NEW YORK, Sept. 22 (UPI) — Crude oil prices moved higher in early Thursday trading after strong labor data from the United States lent support to a possible rate hike later this year.
“Business investment, however, remains soft, both in the energy sector and more broadly,” she said in opening remarks Wednesday afternoon. “The energy industry has been hard hit by the drop in oil prices since mid-2014, and investment in that sector continued to contract through the first half of the year. However, drilling is now showing signs of stabilizing.”
Nevertheless, with steady gains in exploration and production activity offering an indication that the market may have hit bottom, Yellen said that, while rates would be left alone, the economy is expected to expand. Economic data over the past few weeks show pressures on the U.S. economy remain, though recent trends in employment add support to the possibility of a rate increase later this year.
The U.S. Labor Department reported first-time claims for unemployment declined by 8,000 last week to a seasonally adjusted 252,000, the lowest level since July. The less-volatile four-week average declined 2,250 to 258,500.
Crude oil prices extended a rally sparked by Yellen’s comments into early Thursday trading. The price for Brent crude oil moved higher by 1.9 percent to start the day at $47.73 per barrel. The U.S. benchmark price, West Texas Intermediate, gained 2.4 percent to open the day in New York at $46.41 per barrel.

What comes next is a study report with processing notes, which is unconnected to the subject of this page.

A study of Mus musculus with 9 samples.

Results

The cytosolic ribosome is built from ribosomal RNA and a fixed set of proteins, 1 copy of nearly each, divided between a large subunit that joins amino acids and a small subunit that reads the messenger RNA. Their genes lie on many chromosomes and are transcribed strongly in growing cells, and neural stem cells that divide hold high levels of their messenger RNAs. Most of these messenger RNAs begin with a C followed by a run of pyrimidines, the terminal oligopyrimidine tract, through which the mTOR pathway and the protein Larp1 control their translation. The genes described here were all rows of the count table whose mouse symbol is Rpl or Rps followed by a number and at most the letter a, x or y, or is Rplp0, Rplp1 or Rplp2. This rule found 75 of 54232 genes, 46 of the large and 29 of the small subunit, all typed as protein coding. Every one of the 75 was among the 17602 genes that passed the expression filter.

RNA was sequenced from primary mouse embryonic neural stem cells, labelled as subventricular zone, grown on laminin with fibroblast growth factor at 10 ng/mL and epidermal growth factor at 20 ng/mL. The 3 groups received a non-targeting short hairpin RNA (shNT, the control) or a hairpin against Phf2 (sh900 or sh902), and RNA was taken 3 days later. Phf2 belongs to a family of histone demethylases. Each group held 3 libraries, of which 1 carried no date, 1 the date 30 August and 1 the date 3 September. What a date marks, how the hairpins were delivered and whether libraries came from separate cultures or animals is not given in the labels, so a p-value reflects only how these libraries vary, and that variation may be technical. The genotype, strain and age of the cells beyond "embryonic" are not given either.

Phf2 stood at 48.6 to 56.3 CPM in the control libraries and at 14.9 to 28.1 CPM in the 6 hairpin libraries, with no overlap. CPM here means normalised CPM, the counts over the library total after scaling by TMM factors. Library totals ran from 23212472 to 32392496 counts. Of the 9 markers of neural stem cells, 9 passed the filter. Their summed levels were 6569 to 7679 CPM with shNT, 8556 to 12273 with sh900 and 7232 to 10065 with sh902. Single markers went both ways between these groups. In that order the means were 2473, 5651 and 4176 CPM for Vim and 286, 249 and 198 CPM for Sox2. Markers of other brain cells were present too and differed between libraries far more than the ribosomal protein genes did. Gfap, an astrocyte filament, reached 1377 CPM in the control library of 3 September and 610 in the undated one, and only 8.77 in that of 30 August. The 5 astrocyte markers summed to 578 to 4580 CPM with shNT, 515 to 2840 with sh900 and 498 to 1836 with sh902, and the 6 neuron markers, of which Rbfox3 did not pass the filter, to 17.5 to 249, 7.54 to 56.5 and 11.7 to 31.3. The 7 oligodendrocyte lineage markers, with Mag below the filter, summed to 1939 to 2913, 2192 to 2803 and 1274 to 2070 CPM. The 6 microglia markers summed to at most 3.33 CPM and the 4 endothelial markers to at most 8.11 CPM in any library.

The price movement is in contrast to trends in production. Russia’s deputy energy minister sparked a news media frenzy early Thursday when he said a cut in output was technically possible, though Energy Minister Alexander Novak corrected him later to say there were no proposals to curb production.
In a statement on strategy, French energy company Total said its production was on pace for an average increase of 5 percent through 2019, with more than a dozen new start-ups on the schedule. Libya and Nigeria, two members of the Organization of Petroleum Exporting Countries, are both on the cusp of recovery.
Ministers from OPEC and non-member states could review proposals to keep production rates steady at meetings next week in Algeria. In no uncertain terms, Olivier Jakob, the managing director at Swiss oil-market research group Petromatrix, said in an emailed statement that he was calling the bluff of both the U.S. Federal Reserve and OPEC ministers.
“The U.S. Fed is all about talk and no action and the crude oil market can now speculate for the next two days if the same will characterize the upcoming meeting of OPEC members in Algeria,” he said.